Culture

The Number Of Young People Enrolled To Vote In The Election Has Jumped Massively

Pats on the back all round, mates.

One of the eternal frustrations of Australian democracy is how hard it is getting young people enrolled to vote so the country’s decisions aren’t handed by default to wealthy Baby Boomers with investment portfolios to pad. In 2013, the AEC estimated that around 400,000 voters aged 24 or under weren’t enrolled to vote. Every time an election is called, the Australian Electoral Commission, triple j and various #youth organisations bombard your eyeballs with get-out-the-vote messages like this one.

This time round at least, it looks like younger voters were pretty receptive to that message, The AEC’s latest figures, updated to include enrolments ahead of the next election in July, have slashed the number of young people not enrolled from 400,000 to just 254,000, which means there are more than 150,000 young voters on the rolls than there used to be.

Getting more specific, 18-year-olds have historically had the worst enrolment figures of any age group in Australia; in 2013, only 51 per cent were enrolled. That’s jumped massively, up to 71 percent this time round. Similarly, the participation rate of 19-year-olds has jumped from 76 percent in 2013 to 83 percent today.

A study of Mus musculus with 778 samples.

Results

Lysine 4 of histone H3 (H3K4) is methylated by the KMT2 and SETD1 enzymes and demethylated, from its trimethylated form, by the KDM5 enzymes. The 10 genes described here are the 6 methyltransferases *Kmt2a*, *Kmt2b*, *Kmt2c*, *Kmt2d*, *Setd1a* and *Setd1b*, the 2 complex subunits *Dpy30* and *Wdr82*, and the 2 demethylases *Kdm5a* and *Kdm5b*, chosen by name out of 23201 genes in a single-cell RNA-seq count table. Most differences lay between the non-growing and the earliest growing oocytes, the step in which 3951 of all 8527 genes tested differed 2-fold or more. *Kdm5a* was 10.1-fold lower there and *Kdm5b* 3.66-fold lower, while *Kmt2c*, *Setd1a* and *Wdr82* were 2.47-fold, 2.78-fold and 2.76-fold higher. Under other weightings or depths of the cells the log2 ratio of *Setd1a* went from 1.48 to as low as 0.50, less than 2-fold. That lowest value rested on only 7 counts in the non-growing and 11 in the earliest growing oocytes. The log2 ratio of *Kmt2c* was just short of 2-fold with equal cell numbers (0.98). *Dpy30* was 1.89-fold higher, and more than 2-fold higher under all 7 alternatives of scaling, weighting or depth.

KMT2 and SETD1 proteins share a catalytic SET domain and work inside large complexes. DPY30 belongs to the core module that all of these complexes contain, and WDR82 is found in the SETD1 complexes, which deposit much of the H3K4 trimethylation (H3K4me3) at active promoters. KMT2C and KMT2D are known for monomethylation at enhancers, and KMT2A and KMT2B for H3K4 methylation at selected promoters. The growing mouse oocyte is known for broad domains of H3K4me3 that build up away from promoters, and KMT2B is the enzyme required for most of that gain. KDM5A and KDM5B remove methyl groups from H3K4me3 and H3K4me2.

There’s still a substantial enrolment gap between younger voters and the general population — the AEC estimates that more than 13 percent of 18-24-year-ols are missing from the electoral rolls, compared to just one percent of people over 60.

But 156,000 young voters could make a hell of a difference, especially in an election predicted to be as close as this one. Now all we need to do is seize the means of produ- dah, I mean, get that enrolment rate even higher! Enjoy your Democracy Sausages on July 2, mates. Pats on the back all round.